Pro-life Club paper links spark debate about freedom of speech


Marina McCormack, Staff Writer

Earlier this month, Naperville Central’s Pro-life Club hung pink and blue paper links in the activities hallway. Each link represented 25 abortions that statistically occurred daily. Soon after they were put up, several students tore them down. By the end of the week, the hallway was mostly bare.

The chains are put up every year and regularly face some backlash. In past years, students have signed petitions, hung their own posters and complained to Student Activities. This is the first year, however, that physical damage was done to the chains.

The First Amendment protects most speech, but students must still go through certain processes in order to make public statements at a place of education.

Lynne Nolan, dean of Student Activities, said all posters displayed on the walls must first be approved by Student Activities.

Nolan believes it is very important for students to express their opinions.

“[Sharing your opinion] is an essential part of being an American citizen, and I think that it’s an important piece [that prepares] you to be an adult and a citizen,” Nolan said.

Every club has the opportunity to share their perspectives, which is protected by the First Amendment. However, student speech must be backed by a legitimate club, which anyone can start with a sponsor. The club must then make their request through the appropriate channels such as Student Activities.

“If you want to make a statement, you can make a statement, but you have to follow the same process that [Pro-life Club] had to follow in order to make that statement,” Nolan said.

Nolan emphasized the difference between sharing one’s opinion and disrespecting another’s.

“The First Amendment protects speech, it doesn’t protect vandalization,” Nolan said. “I want to teach people what the civic side of it is, outside of whether or not you agree or disagree.”

The Friday prior to the chains being put up, another group of students practiced their freedom of speech by participating in the Day of Silence sponsored by the Gender and Sexuality Alliance Network (GASAN). Students who participated in the Day of Silence wore a slip of paper that explained their choice to be silent in memory of those who have been silenced because of their sexuality.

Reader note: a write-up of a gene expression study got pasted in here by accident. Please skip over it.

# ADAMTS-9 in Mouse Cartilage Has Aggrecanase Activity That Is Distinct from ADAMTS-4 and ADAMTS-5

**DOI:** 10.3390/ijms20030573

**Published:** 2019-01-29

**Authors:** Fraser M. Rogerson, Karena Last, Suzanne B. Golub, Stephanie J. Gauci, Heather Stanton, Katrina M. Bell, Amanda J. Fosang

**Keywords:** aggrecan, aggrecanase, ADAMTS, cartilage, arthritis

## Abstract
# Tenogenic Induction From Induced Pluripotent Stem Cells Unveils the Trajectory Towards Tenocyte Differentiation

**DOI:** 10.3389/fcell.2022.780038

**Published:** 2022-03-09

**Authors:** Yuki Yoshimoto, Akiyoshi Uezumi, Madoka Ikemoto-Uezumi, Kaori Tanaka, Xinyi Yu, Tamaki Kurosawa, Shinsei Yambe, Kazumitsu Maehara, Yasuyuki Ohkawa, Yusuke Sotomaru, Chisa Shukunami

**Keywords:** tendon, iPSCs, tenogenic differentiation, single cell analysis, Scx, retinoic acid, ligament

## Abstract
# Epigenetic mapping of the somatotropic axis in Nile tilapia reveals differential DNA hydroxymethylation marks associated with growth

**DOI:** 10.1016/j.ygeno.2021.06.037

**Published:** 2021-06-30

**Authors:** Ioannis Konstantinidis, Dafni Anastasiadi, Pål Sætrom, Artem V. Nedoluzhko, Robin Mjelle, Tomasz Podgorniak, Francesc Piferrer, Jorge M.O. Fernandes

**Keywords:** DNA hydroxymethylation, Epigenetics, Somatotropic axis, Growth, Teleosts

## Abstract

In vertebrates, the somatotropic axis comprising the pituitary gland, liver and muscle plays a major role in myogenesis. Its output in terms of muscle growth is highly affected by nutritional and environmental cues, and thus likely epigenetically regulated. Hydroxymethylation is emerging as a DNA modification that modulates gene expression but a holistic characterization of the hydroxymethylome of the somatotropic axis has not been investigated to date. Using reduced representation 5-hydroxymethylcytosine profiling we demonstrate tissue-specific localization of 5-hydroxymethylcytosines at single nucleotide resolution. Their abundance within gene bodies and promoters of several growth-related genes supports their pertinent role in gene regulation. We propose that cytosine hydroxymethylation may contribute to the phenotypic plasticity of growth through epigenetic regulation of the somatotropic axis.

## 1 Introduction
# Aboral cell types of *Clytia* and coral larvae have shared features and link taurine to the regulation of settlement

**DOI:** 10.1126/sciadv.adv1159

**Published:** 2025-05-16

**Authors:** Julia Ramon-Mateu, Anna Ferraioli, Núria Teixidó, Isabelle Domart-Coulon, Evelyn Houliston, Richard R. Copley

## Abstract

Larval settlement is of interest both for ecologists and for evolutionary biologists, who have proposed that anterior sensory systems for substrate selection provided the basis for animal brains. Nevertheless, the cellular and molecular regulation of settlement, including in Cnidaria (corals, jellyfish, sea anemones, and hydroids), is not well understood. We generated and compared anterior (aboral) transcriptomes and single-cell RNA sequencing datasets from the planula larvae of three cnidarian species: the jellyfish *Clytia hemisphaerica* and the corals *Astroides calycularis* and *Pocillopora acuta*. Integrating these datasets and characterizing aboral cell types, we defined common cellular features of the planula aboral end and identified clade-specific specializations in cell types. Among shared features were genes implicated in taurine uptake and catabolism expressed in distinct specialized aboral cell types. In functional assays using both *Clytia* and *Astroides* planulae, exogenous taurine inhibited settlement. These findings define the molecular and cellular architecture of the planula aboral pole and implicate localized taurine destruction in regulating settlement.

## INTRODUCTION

Students were not allowed to use this freedom to disrupt the learning environment. If a class required discussion, a student was obligated to participate.

Senior Riley Doyle, a member of GASAN, participated in the Day of Silence.

“I feel like you should have the right to express yourself, especially on issues that you find really important,” Doyle said.

While Doyle does not personally agree with the statements made by the Pro-life Club, she appreciated the manner in which they made their display.

“I wouldn’t want my stuff taken down because that stuff is important to us, [and] I’m sure they wouldn’t want their stuff taken down, it’s just a matter of respect,” Doyle said.

Senior Emilie Mineo is a member of Pro-life Club and helped hang up the links with other members after school.

“It made me really upset because we put a lot of work just trying to bring awareness to the school, and people just disrespected us,” Mineo said.

Randall Smith, the sponsor of Pro-life Club, found it interesting to see the contrast between reactions to the Day of Silence and the display of the links.

“I do think on a day where there seemed to be a lot of tolerance, it was an interesting juxtaposition of intolerance,” Smith said. “Tolerance is supposed to be of opinions that are trendy and hip, or that the public opinion supports, but it’s also supposed to be of those divergent views within the bounds of law and done in the right way.”

Mineo believes that practicing tolerance is extremely important in today’s political climate.

“Especially in this time now, there’s a lot of fighting,” Mineo said. “It’s important to love each other and respect each other.”

The most important thing to Doyle is choosing what battles to fight.

“You have to decide when you’re gonna speak up, and I don’t think that that’s the right way to do it,” Doyle said.“Since there’s other ways you can seem better, by just using your words.”